Film review

Usually, however, the end product are mediocre thrillers like Hostage by Florent Emilio Siri from 2005, which not even Bruce Willis could save. Trespass by Joel Schumacher (Falling Down, Batman & Robin, The Client) belongs to the latter group. The script is unconvincing, the protagonists behave in a way that is implausible from a psychological point of view, and everybody, the victims and the intruders alike, seem like they are constantly on the verge of hysteria. The only upside of the movie is that it is short, at just an hour and a half. But that is hardly comforting given that apart from endless screaming, gratuitous violence and a plot that makes less and less sense, there is not much happening on the screen.

The movie has an idyllic opening when diamond dealer Kyle Miller (Nicolas Cage—Lord of War, Leaving Las Vegas, the National Treasure series) pulls up in his convertible Porsche in front of his luxurious house with a pool. He is greeted by his beautiful wife Sarah (Nicole Kidman—Moulin Rouge!, The Others, Australia) and it seems the biggest problem the family could ever have is whether their teenage daughter should go to a party or stay at home. The parents say no, but what the girl will do isn’t very hard to figure out.

Things take a sharp turn minutes later when four bandits barge into the house, heading straight for Miller’s safe, which apparently contains a small fortune in diamonds and cash, or so it seems. Needless to say, the main character attempts a desperate game with the intruders in a bid to save his family or at least win some time before help arrives. It soon turns out nothing is what it seems and both the terrorized family and the four invaders gradually reveal their secrets which, one by one, change the situation on the battlefield.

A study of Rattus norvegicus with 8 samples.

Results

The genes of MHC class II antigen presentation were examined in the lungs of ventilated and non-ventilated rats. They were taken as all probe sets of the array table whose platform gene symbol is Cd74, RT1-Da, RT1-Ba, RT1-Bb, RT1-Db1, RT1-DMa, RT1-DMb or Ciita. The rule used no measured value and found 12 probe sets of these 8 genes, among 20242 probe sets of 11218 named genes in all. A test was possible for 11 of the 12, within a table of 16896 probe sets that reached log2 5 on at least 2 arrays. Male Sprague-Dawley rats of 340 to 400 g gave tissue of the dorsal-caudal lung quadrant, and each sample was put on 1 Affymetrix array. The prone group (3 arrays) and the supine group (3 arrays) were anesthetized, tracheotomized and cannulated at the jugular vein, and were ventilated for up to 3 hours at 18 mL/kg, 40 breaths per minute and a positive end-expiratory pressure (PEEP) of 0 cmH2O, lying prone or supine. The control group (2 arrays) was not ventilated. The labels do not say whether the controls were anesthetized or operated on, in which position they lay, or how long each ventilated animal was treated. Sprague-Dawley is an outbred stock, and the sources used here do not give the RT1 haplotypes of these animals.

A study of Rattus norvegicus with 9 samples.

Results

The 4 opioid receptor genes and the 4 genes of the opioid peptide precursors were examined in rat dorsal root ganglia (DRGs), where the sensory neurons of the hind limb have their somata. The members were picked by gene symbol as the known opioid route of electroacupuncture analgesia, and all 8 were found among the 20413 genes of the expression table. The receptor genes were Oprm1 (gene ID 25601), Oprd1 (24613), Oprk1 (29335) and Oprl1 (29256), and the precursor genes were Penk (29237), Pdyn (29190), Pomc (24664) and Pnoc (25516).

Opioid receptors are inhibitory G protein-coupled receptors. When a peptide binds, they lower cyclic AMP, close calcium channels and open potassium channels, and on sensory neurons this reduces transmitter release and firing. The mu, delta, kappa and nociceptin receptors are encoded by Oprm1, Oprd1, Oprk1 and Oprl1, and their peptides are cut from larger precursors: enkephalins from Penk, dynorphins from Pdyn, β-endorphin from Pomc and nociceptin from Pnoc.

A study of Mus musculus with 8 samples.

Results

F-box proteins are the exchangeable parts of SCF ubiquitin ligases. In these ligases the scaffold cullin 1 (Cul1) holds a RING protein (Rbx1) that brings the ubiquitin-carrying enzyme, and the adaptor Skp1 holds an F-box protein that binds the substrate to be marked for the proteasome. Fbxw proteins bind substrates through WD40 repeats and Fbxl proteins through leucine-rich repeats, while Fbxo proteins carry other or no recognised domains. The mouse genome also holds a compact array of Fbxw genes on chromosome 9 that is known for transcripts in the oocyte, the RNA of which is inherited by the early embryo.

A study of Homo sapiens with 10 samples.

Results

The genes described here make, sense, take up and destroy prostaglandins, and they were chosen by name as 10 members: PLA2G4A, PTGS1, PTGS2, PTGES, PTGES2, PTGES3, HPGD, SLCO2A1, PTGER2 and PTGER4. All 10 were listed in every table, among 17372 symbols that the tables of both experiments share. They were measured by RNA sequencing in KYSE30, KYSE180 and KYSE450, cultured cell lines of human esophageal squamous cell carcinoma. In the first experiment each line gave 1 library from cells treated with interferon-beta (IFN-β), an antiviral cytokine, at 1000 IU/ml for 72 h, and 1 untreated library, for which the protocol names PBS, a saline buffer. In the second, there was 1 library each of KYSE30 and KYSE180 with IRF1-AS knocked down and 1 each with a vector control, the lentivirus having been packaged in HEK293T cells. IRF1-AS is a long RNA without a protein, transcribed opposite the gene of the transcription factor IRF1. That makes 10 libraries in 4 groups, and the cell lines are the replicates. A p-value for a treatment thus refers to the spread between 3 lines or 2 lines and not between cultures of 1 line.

Cage has been cast as a tough guy quite a few times (Con Air, Ghost Rider, 60 Seconds), but he is better in roles that do not have him shoot guns and wrestle his opponents. This time, he tries hard to play a man who in order to protect his family reconnects with his inner hero, but the change is hardly compelling. Kidman delivers a bland performance as well and the invaders are not much better.

Movie audiences have shown remarkably little tolerance for all this and Trespass was shown at American theaters for only 10 days.

The list of the film’s “accomplishments” goes on with the dubious record of being the fastest movie to get a DVD release just 18 (yes, eighteen) days after the theatrical release. For a movie with a $35-million budget, the record is sure to remain unbroken for many years to come.